Dallas' Audiophile Deep Thrives in the Tough-to-Crack Dance Record Label Business
Jimmy Freer, Redeye & Jacob Buck innovate to steer through a new kind of music industry
Running a record label in today's music industry climate takes a certain kind of fearless commitment. Digital sales have leveled off in the face of streaming sites like Spotify. Vinyl sales seem to be increasing in most genres except dance music. Digital DJing has taken over as the industry standard in most parts of the world. With a whole generation of up-and-coming DJs going digital and many of them pirating their tracks, it's a miracle that any dance music label can gain any footing.
Being able to leap this giant hurdle is what makes Dallas-based Audiophile Deep stand out from the pack. They have taken an innovative approach to marketing their music and increasing the exposure of the artists on their roster. They are giving away initial offerings form their artists to increase their fan base and profile. This approach seems somewhat self defeating on the surface, but there's a logic to it all, as label manager Jimmy Freer explains.
"We realized that the fact of the matter is it's tough pushing small talent, despite how much we would love to do it sometimes," Freer says. "We kind of thought, 'Well hey, if the artist is smaller, why don't we help them get to a point to self-sustain for their own sales?'" That strategy led to the idea of a free download gate, which Freer says brings in as many as 500 to 1,000 new followers for a track in as little as a week. "There really isn't much of a downside to it; a win/win for us and the artist is the ideal philosophy here. It sure beats a $40 royalty check for lackluster sales."
Audiophile Deep is a tech house and house sub-label of the more EDM-driven Audiophile Live label. Freer and Jacob Buck found much success with Audiophile Live amongst the EDM and beatport sect of DJs charting, 55 beatport genre Top 100s with seven of those being top 10s. Freer's shifting tastes created a desire to release more underground house and techno tracks and that was the impetus for Audiophile Deep coming into existence as a sub-label. Luck would have it that timing was on their side.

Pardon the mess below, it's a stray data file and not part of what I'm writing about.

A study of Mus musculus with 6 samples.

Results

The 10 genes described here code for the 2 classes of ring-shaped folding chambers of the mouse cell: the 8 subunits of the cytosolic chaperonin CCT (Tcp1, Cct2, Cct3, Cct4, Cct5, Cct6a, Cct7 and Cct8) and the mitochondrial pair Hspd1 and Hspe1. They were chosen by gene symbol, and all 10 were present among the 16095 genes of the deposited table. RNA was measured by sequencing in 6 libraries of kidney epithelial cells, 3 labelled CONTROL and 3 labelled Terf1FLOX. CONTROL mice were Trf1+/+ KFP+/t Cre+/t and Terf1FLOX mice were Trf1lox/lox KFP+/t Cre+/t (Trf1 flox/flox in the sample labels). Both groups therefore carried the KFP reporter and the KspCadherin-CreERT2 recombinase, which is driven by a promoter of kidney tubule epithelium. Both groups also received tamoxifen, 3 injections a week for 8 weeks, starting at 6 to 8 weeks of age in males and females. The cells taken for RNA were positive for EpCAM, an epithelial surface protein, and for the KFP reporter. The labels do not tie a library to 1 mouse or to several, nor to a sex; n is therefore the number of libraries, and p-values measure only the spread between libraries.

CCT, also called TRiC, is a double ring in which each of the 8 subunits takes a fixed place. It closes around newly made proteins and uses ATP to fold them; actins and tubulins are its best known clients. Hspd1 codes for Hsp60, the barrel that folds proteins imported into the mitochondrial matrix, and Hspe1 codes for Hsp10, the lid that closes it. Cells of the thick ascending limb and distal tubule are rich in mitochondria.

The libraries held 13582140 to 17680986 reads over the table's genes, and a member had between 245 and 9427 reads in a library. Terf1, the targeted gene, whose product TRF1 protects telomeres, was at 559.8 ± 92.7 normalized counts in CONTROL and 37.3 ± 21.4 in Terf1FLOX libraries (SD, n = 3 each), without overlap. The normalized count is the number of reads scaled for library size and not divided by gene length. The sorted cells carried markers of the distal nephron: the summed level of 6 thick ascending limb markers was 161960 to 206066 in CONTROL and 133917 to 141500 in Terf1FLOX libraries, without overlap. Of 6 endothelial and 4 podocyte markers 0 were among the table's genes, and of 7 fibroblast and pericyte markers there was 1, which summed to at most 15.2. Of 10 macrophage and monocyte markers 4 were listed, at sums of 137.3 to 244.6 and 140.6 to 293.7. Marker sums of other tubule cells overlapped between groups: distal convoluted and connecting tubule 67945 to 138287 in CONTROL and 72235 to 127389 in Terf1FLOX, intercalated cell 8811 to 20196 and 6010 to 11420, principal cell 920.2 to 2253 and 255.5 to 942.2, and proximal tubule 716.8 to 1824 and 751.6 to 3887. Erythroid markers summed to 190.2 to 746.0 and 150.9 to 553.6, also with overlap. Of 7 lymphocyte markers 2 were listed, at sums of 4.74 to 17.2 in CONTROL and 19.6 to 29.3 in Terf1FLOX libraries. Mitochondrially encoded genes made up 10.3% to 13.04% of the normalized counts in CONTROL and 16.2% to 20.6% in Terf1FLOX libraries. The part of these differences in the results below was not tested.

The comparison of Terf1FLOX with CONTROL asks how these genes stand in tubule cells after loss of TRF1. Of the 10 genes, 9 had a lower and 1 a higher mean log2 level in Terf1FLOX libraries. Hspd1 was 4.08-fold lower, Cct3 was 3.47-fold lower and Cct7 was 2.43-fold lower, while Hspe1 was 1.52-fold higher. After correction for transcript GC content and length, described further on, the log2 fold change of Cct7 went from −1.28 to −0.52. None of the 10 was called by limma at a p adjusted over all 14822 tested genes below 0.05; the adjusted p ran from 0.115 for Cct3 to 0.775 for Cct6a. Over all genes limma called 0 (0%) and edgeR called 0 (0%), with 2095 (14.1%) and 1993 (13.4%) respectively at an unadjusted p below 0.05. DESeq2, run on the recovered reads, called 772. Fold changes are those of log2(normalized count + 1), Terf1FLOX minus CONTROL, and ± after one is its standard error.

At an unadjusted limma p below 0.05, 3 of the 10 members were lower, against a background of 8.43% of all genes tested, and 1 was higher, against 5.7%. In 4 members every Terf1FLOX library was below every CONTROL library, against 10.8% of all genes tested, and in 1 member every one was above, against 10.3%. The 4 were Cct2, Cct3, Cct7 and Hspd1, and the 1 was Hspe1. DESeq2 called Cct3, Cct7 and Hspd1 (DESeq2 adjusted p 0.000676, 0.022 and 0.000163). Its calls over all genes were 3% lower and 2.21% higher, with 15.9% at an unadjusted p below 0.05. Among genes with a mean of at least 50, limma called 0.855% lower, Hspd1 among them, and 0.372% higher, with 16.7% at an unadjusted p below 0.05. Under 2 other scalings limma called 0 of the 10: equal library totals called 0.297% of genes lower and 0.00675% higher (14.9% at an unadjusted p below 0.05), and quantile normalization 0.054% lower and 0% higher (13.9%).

Freer and Buck became regular faces at It'll Do Club and in the process became huge fans of the deeper underground sounds the resident DJ Redeye was bringing to the table every week. This just happened to be at a time when the idea of the more underground focused Audiophile Deep was starting to come to fruition. This led to the pair approaching Redeye to come on board as A&R.
"Back in the vinyl hay day, I used to dream of being the A&R for a cool house label like Strictly Rhythm or someone like that," Redeye admits. As a seasoned vet with a firm two decades under his belt, Redeye was able to bring a bevy of contacts with a wide range of artists and that would other wise not be available to such a young label. Coupled with a firm vision for the direction of the label, everything seemed to just fall in place.
When asked what he looks for in tracks for the label, Redeye explains, "I like my house and techno to have a certain amount of 'sexy' to it. I'm not so fond of bash-you-over-the-head obvious dance tracks. Sexy, spacey, tonal. I try to keep the range kinda wide as far as the sound." With that said, it's not strictly a science: "i just know when i hear it," he says. "Also, if it's Texas-made, that gives it a lil bit of push in my mind as well."
This aesthetic can be found in some of the labels stand out releases from American House vet wally Callerio's alias as Poncho Warwick's "Tell You What" single, Brazilian-based WD2N's Necessary Evil single, Argentina based Gabe's "Time to Relax" and upcoming release from Dallas-based Multipass featuring Chicago house legend Derrick Carter on a track called "It's Quiet Now." Audiophille Deep also features remixes and singles from veteran Dallas producers like Left/Right, Demarkus Lewis, Black & Tan, Opencloud, Paradise, Hands Free, NTRAIN, Brett Johnson and Dorian. Earlier this month, they released a Dorian single featuring local club fave Dezi 5.
That is a lot of music and artists to chew on for a label that is still less than a year old. In fact, they've grown so fast and kept such open minds that they could risk covering too much ground in the spectrum of house music. This led to the creation of another sub-label under the guise of Audiophile XXL. This lead to somewhat of a schism within the label.They decided to dedicate Audiophile Deep to the New York-Chicago-Detroit style and assign UK and Future house sounds to the newer Audiophile XXL label With Robert Pennington as label manager.
Freer also recently merged labels with his mentor Austin based Francis Preve's Academik label. With a roster-expanding merger, Freer explains, "This has lead to a big Texas family factor in which we are currently modeling off of the Dirtybird system." For a label so young they already have an astonishingly deep catalogue. Using their model of giving away tracks to build hype and followings for the artists they have quickly flourished in a particular niche in an industry where labels are dying off on a regular basis. "The label can rarely hold the status of fame that an artist can in most cases," Freer says. "Their nutty fans are just too reliable, so [a label like Audiophile Deep] gets them in a position to be heard and accumulate those followers."